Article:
Friday 26th January, Brussels - By neglecting the renewable energy sector, new EU entrants Romania and Bulgaria are missing huge opportunities for jobs, investment and energy independence, a joint report by local and European environmental groups revealed today . The research identifies weak legislation, insufficient funding into clean energy sources and long administrative procedures as the main barriers.
Petr Holub, energy campaigner at Friends of the Earth Czech Republic said:
"The Balkan countries have huge unexploited potential for renewable energy, so the EU must push national governments to adopt effective support frameworks, such as feed-in tariff laws. EU funds available for the energy sectors in these countries should be used primarily for increasing the use of renewable energy, in addition to cutting energy waste in the first place."
The new report, published by Hnuti DUHA (Friends of the Earth Czech
Republic) in co-operation with regional network Agree.net and national partner organisations , argues that in order to trigger widespread deployment of renewable energies, new and improved legislation based on successful examples such as the German feed-in law is an urgent necessity. While it is mainly up to national governments to implement needed policies, it will the EU's responsibility to act as a major driver for change so that the newly accepted countries, Bulgaria and Romania, contribute equally to the community's renewable energy production targets.
The report also analyses Macedonia, Croatia and Bosnia-Herzegovina, revealing that they too are underperforming on renewables. Friends of the Earth has called for the EU to place a firm emphasis on renewable energy development in future accession negotiations.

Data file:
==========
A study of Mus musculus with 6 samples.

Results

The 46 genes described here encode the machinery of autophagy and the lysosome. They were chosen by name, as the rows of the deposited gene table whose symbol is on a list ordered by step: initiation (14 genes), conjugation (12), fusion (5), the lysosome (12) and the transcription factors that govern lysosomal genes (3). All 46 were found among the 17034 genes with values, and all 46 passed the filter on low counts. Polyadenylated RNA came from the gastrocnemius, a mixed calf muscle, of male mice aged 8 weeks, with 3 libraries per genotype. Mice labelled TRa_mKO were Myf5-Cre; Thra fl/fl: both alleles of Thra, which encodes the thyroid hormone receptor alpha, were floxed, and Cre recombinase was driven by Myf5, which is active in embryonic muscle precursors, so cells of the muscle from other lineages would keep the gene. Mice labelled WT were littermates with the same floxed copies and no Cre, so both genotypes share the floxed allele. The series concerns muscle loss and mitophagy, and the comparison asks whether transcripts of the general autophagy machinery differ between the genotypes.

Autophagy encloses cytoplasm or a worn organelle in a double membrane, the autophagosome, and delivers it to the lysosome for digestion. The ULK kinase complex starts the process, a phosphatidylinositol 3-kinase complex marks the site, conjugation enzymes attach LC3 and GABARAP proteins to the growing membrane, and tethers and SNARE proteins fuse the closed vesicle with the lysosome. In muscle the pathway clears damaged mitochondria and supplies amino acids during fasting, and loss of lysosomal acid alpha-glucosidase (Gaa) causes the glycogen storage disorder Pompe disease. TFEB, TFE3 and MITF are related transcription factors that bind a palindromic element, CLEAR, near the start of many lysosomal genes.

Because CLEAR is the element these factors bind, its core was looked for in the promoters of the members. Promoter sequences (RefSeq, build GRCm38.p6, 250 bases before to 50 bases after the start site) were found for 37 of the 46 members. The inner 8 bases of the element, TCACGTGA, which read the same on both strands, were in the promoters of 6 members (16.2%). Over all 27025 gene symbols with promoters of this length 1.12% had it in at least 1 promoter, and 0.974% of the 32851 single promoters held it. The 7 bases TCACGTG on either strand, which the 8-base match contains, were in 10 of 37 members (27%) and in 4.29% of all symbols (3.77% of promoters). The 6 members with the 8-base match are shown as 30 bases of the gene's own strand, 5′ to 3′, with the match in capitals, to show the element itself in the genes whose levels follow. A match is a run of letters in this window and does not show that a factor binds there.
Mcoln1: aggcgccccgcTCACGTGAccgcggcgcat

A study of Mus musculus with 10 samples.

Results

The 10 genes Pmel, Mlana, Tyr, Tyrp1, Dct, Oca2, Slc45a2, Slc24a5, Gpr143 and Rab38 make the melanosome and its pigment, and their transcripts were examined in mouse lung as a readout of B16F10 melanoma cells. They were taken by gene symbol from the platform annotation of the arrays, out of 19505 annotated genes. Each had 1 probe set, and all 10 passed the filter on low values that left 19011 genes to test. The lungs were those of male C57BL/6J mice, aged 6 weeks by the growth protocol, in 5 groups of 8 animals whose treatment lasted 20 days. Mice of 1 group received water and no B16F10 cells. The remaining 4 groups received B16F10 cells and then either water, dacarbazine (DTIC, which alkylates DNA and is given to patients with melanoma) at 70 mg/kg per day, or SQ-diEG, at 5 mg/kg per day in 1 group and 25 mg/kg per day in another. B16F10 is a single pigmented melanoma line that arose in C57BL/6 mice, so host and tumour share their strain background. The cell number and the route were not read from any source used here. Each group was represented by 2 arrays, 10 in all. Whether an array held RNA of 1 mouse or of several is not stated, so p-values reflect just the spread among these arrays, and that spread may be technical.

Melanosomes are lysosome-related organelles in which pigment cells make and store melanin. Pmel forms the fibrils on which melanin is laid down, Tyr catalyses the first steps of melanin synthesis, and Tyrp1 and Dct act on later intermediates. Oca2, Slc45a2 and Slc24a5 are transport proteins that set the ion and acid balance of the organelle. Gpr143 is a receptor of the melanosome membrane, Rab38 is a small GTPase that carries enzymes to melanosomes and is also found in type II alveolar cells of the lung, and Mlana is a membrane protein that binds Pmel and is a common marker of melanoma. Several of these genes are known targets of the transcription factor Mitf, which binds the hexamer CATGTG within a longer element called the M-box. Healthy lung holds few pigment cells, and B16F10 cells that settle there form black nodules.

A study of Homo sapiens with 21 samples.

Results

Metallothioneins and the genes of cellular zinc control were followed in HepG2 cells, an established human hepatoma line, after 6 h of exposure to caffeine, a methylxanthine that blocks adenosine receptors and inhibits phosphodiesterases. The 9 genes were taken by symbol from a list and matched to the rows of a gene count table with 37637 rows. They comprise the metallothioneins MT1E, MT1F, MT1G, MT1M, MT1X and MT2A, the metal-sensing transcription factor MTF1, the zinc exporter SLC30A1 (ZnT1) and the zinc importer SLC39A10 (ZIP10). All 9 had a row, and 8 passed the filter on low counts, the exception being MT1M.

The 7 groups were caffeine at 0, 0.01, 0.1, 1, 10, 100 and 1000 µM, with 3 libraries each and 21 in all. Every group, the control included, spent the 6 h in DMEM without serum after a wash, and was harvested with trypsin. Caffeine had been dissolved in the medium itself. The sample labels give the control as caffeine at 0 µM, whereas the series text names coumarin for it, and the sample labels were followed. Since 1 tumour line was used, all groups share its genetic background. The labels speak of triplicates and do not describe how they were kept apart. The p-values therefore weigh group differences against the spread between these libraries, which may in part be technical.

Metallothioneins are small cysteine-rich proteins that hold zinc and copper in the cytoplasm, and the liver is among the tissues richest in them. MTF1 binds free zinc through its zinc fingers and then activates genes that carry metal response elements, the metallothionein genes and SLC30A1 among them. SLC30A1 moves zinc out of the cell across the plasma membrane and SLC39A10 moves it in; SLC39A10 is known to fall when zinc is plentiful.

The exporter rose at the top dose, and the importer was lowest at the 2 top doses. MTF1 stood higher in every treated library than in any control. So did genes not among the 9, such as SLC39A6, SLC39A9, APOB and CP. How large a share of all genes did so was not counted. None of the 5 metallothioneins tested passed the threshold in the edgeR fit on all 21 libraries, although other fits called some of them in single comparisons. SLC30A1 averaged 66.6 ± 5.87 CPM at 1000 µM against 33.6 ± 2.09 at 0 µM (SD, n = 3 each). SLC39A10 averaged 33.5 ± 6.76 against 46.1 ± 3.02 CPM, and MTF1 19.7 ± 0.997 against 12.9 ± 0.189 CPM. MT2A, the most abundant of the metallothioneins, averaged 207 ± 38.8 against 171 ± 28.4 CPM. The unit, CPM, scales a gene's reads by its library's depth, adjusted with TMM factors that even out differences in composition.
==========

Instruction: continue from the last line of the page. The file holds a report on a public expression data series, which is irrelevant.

The five Balkan countries studied have large unexploited potential for new renewable energy resources. The windy shores of the Black Sea and Adriatic Sea are particularly suitable and the European Bank for Reconstruction and Development (EBRD) even assessed Bulgaria as "one of the top countries identified for wind energy development" . South Eastern Europe has great potential for solar energy. And large agricultural areas in the region would be well-suited for biomass for energy production, but lie unused.
Current targets for renewable energy in the region are too weak to stimulate progress, believes Friends of the Earth. For example, in Romania's accession treaty, the EU set it a target for 2010 that was so unambitious that by 2005, it had already been achieved by its current large hydropower production.
Weak national legislation is also to blame, the report argues. Bulgaria recently adopted a law based on feed-in tariffs (the most successful model in EU countries). But its effective implementation rests on strong executive decisions about annual tariffs. For its part, Romania has already opted for a quota/certificate system that the European Commission has declared less effective than a feed-in tariff system.
Todor Slavov, energy campaigner at Za Zemiata, Bulgaria said:
"Bulgaria has great potential for all kinds of renewable energy, including wind, solar and biomass. But the government needs to ensure economic viability to spur investments. The newly adopted feed-in tariff scheme is a promising step - but the levels of the tariffs must be sufficient to enable the market to get off the ground. Also, the legal framework to allow non-discriminatory access to the power grid for independent renewable energy producers remains too vague to increase investor confidence."
Ionut Apostol, energy campaigner, Terra Mileniul III, Romania said:
"Hidden subsidies for fossil fuels and nuclear power are creating the impression that renewable energy is not competitive in Romania. These distorting subsidies must be eliminated. Instead we need a robust supportive framework that will level out the market distortions in favour for renewable energies."
Notes for the editor:
 Full report is available at:
 The coalition's partners are Zelena Akcija (Friends of the Earth Croatia), ProAktiva in Macedonia, The Center for Ecology and Energy Tuzla in Bosnia-Herzegovina, Terra Mileniui III in Romania, the Bulgarian environmental group, Za Zemiata.